In the public debate, immigration is often viewed as a threat to the access and the quality of health care services. The health needs of immigrants and refugees pose new challenges to health care systems. This chapter reviews the recent economic literature on immigration and health. We discuss the main methods used to study the health immigrant trajectories and the effects of immigration on demand and supply of health care in both destination and sending countries.
With the spread of the coronavirus disease across over 100 countries and its status upgraded to that of a pandemic on 11 March 2020 (World Health Organization), increased…
With the spread of the coronavirus disease across over 100 countries and its status upgraded to that of a pandemic on 11 March 2020 (World Health Organization), increased attention is being placed on the policy measures that may be required to effectively curb the rate of contagion within and across countries. Currently, several governments, such as China, Italy, Spain, Japan and the Republic of Korea, have implemented emergency measures informed by the principle of social distancing to limit the spread of coronavirus (World Health Organization). Ever since the virus was first identified in Wuhan City in December 2019, this succession of uncoordinated policy responses offers a set of natural experiments that should be analysed to understand the successes and failures of containment at the societal level. In this analysis, we focus on the case of Italy, the hardest hit country in Europe (Dong, Du, & Gardner, 2020; World Health Organization). The objective of this short note is to provide an even-handed analysis of the actions taken by the Italian government to cope with the transmission of the virus and to highlight lessons in emergency management that can be learnt for other countries currently facing the onset of the Covid-19 epidemic.
The purpose of this paper is to quantify the wage gap between native and immigrant women in Spain, taking into account differences in their characteristics and the need to…
The purpose of this paper is to quantify the wage gap between native and immigrant women in Spain, taking into account differences in their characteristics and the need to control for common support. If immigrant women are segregated in occupations with few native women, it is important to take this into account to analyse wage differentials between both collectives.
Microdata from the Continuous Sample of Working Histories (Muestra Continua de Vidas Laborales) on wages and other personal characteristics such as gender, country of origin, and age were used to apply the matching procedure and the decomposition of the wage gap, along the lines of Ñopo, for the analysis of wage differentials between native and immigrant women. The advantage of this procedure is that one can simultaneously estimate the common support and the mean counterfactual wage for the women on the common support (i.e. comparing native and immigrant women with similar observable characteristics). In addition, differences not only at the mean but also along the entire wage distribution can be described.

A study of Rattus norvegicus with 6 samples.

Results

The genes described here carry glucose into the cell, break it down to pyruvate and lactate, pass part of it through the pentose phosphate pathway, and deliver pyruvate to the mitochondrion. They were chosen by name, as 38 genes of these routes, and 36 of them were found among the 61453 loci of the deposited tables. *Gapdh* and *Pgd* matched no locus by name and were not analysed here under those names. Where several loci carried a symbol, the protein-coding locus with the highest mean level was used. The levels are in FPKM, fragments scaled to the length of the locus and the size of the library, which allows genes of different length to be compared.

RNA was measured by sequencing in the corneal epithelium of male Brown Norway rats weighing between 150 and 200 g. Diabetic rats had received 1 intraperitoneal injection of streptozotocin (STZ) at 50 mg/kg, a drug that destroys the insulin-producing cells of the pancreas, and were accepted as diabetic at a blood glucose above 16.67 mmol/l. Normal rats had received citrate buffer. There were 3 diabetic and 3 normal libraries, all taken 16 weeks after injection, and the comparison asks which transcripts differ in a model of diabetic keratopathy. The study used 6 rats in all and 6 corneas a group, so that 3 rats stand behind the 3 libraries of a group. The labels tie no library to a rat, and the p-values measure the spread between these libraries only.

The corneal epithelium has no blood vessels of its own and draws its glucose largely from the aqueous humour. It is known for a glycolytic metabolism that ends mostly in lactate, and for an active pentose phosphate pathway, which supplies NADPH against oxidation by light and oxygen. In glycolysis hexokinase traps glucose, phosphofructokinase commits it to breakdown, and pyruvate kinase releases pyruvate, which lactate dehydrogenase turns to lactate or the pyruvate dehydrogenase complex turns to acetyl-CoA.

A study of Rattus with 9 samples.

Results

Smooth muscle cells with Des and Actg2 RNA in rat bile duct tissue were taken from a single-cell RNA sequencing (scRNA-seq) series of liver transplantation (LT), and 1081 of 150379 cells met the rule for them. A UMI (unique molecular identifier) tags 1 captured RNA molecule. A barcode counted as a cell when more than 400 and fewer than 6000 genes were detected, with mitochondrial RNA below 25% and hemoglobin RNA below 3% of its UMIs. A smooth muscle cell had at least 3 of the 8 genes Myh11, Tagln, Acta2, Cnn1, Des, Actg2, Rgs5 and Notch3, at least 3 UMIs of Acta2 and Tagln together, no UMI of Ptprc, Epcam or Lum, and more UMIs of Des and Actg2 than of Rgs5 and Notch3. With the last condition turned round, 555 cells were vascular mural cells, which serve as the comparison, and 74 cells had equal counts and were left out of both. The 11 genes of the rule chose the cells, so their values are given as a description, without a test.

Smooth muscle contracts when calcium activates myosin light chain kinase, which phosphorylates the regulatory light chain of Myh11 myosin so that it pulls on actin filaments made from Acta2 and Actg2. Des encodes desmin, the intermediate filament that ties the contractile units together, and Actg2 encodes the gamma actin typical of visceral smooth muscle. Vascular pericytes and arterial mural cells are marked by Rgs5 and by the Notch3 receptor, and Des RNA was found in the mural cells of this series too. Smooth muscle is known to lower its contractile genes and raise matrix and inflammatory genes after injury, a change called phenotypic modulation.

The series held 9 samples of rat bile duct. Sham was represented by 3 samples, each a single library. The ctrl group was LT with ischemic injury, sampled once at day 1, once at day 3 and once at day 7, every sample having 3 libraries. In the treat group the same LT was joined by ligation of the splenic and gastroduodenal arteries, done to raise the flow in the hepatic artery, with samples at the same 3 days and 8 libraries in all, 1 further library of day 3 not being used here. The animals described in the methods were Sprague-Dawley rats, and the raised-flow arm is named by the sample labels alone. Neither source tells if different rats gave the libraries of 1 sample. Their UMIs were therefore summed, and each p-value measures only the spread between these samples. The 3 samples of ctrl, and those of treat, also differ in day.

The results obtained indicate that, on average, immigrant women earn less than native women in the Spanish labour market. This wage gap is bigger when immigrant women from developing countries are considered, but the authors’ main finding is that an important part of this wage gap is related to differences in common support (i.e. immigrant women are segregated in certain jobs with low wages different from those occupied by native women). If the need to control for common support is neglected, estimates of the wage gap will be biased.
Studying the case of Spain is particularly interesting because it is a country with abundant and recent immigration. Immigrant women account for more than half of the total immigrants in Spain, and unlike other host countries, they come from a highly varied range of countries, with origins as diverse as Latin America, the Maghreb and Eastern Europe. To the authors’ knowledge, no other study has explicitly focused on the analysis of the wage differential of immigrant women in the Spanish labour market by taking into account the need to control for common support. Moreover, published papers illustrating the potentiality of Ñopo's methodology are also very scarce.
Purpose: In this chapter, we examine the National Health Service (NHS) and Adult Social Care (ASC) in England, focussing on policies that have been introduced since 2000…
Purpose: In this chapter, we examine the National Health Service (NHS) and Adult Social Care (ASC) in England, focussing on policies that have been introduced since 2000 and considering the challenges that providers face in their quest to provide a high standard and affordable health service in the near future.
Methodology/Approach: We discuss recent policy developments and published analysis covering innovations within major aspects of health care (primary, secondary and tertiary) and ASC, before considering future challenges faced by providers in England, highlighted by a 2017 UK Parliament Select Committee.
Findings: The NHS and ASC system have experienced tightening budgets and serious financial pressure, with historically low real-terms growth in health funding from central government and local authorities. Policymakers have tried to overcome these challenges with several policy innovations, but many still remain. With large-scale investment and reform, there is potential for the health and social care system to evolve into a modern service capable of dealing with the needs of an ageing population. However, if these challenges are not met, then it is set to continue struggling with a lack of appropriate facilities, an overstretched staff and a system not entirely appropriate for its patients.